I keep thinking about wearing a swimsuit. To increase the motivation to lose, I'm going to go to a department store in the next week and try on some Spring fashions. The thought makes me sad because I want to lose so much more and I know I won't feel as good as I had hoped to feel.
My problem is that I feel like there aren't enough hours in the day to fit in exercising. It's also cold. If you're having a hard time exercising because of the cold weather, here are some tips for getting the blood pumping. Window shopping and people watching? What a great combination to keep you entertained while exercising!
Taking Your Walk Indoors
Daily exercise is a habit, which can slip-slide away as temperatures dip and snow or ice cover sidewalks and footpaths. What's the committed walker to do?
Many people live close enough to a shopping mall to take advantage of those safe, well-lit open spaces during inclement weather. And plenty of malls open their doors early so that people can walk at a good pace without having to navigate around shoppers.
The pros of mall walking are abundant:
They're well lit and have a temperature-controlled environment, with no cars or dogs to dodge. You can wear headphones without worrying about thugs, dogs, cars or tripping over sidewalks or curbs.
Bathrooms and water fountains are nearby, and there's plenty of parking.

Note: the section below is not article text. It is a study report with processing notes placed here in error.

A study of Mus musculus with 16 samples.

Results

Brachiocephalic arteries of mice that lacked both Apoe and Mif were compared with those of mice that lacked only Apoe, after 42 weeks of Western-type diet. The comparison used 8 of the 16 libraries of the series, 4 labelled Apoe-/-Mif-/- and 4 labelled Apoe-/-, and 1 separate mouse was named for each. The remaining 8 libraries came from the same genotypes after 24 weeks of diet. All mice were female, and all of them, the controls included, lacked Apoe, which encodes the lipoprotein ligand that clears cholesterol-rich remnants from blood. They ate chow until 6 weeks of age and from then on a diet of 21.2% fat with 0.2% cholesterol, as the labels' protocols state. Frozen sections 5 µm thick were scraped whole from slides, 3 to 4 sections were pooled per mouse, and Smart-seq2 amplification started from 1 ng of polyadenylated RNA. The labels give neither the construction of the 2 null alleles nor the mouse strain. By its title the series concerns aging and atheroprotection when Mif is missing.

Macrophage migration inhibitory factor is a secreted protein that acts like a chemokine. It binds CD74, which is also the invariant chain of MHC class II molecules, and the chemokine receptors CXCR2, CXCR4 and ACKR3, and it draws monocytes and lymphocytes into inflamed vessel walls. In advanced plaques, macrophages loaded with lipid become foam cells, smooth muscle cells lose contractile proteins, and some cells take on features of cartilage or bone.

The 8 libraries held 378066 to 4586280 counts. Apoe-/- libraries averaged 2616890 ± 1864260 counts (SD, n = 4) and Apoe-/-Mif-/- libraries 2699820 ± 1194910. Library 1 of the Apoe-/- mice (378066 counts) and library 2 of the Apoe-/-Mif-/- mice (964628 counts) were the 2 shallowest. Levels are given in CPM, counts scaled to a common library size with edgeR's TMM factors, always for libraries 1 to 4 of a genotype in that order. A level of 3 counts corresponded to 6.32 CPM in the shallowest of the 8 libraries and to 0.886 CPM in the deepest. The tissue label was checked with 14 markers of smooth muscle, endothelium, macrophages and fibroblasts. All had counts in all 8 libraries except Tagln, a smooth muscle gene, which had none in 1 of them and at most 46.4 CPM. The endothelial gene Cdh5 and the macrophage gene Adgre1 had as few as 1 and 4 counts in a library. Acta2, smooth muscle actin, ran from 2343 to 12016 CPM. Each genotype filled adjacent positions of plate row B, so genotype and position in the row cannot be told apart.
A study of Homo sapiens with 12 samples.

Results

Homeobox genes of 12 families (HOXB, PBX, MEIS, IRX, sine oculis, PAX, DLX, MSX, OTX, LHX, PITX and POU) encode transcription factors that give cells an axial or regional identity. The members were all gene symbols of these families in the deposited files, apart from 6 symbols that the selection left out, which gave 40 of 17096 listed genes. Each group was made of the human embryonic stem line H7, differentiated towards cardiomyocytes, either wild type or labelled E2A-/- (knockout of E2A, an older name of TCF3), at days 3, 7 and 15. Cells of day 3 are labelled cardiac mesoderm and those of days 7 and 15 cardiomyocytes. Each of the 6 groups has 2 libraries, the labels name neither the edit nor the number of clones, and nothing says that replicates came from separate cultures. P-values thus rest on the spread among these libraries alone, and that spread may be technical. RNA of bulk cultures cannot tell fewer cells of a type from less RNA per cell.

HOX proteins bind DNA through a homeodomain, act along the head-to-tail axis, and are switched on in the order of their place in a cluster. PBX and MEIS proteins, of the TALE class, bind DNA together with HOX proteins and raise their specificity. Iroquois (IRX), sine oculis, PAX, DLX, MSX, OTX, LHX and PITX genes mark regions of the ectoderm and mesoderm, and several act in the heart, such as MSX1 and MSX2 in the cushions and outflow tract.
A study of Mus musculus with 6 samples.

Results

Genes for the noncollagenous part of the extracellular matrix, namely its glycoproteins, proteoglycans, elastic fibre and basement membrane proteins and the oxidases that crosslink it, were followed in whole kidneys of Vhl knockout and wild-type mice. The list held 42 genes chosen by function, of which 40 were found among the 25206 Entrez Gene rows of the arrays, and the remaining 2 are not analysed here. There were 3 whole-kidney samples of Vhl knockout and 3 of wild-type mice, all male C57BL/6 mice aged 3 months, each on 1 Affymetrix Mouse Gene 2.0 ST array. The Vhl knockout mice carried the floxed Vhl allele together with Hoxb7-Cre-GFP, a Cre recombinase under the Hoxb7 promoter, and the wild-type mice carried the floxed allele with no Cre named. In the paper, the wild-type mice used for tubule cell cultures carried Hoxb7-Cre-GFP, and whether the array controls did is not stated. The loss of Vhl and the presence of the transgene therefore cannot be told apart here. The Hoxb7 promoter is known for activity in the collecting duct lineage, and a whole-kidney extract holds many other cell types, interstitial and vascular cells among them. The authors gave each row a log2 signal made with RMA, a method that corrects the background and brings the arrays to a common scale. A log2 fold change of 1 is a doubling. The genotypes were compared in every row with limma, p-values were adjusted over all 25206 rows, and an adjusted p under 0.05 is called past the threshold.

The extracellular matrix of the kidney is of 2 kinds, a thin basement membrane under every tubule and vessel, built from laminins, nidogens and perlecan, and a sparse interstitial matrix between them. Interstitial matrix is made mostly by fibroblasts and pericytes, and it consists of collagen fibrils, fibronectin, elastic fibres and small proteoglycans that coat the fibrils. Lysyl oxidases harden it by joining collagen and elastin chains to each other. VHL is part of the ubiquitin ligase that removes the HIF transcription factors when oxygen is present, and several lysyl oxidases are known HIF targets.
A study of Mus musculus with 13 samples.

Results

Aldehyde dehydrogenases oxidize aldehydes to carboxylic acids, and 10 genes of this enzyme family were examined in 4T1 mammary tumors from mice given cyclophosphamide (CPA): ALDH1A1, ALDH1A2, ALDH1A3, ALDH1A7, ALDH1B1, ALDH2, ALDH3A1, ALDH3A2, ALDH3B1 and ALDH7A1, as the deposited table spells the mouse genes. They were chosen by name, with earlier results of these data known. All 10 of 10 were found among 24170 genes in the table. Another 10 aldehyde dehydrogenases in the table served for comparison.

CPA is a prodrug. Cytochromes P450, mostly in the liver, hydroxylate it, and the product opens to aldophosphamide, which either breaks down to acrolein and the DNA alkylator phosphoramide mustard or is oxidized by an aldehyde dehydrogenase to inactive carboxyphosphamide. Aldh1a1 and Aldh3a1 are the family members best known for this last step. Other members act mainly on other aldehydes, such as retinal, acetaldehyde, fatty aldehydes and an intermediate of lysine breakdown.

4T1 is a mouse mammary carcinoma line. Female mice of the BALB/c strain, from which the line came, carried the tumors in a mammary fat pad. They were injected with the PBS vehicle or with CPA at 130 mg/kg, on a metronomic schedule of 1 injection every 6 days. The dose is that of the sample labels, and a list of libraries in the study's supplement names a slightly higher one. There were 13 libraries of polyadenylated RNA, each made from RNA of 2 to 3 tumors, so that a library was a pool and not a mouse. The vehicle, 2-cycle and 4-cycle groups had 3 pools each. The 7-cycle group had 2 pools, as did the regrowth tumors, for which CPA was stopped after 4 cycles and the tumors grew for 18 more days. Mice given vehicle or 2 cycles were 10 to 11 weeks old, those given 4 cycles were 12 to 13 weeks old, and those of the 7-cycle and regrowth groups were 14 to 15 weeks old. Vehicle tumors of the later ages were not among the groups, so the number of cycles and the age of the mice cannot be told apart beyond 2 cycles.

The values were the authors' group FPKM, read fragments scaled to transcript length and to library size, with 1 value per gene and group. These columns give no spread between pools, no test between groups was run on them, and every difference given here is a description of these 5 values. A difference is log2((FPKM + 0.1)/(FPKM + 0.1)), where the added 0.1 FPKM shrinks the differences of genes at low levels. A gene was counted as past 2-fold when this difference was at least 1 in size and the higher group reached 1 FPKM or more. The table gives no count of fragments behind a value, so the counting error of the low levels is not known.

There are other walkers, and some malls even have incentive programs.
Mall window displays provide interest and distraction.
Admittedly, however, mall walking may have a downside. The walkers in malls appear to mainly be silver-haired seniors, which is great if you are one. But if you're far from silver, don't let the age gap stop you.
"Bring a friend your own age," says Sara Donovan, creator of the Mall of America walking program. "Mall walking is for anyone committed to walking despite the weather. You can get a great workout. Run up the stairs or escalator to bump up your heart rate, and race walk on the smoothest surface you'll ever find."
Check to see if your local YMCA, high school or college gym has an indoor track you can use. Sometimes the tracks are balconies that encircle exercise areas, squash or basketball courts, so you have a bird's-eye view of people working out.
The same pros as mall walking apply; in addition:
You're close to other workout opportunities.
You may be able to shower afterwards and store belongings in a locker.
You'll probably see a more diverse population than at the mall.
If the track is rubberized or has a more forgiving surface than the mall, it may be easier on your feet and back.
Some cons include:
* It may be harder to walk and talk with a buddy. Ambient noise can make it hard to hear each other, and walking side by side may block runners who want to pass.
* You may feel a bit dizzy going round and round if the track is small.
* The track may be slanted. If so, be sure you turn around and go in the opposite direction every other lap, to avoid injury to muscles or tendons.
Local Large Buildings
Find out if you can get access to a large public building, like a high school, where you can walk the halls and stairwells after hours. (You might have to go to a school board meeting with a group of interested friends and neighbors to see if the school will allow this activity.)
If you have access to a building with several stories, try going up one flight of stairs, walking around that floor, then the next flight of stairs, etc. Alternating stair climbing with walking will be a great interval workout.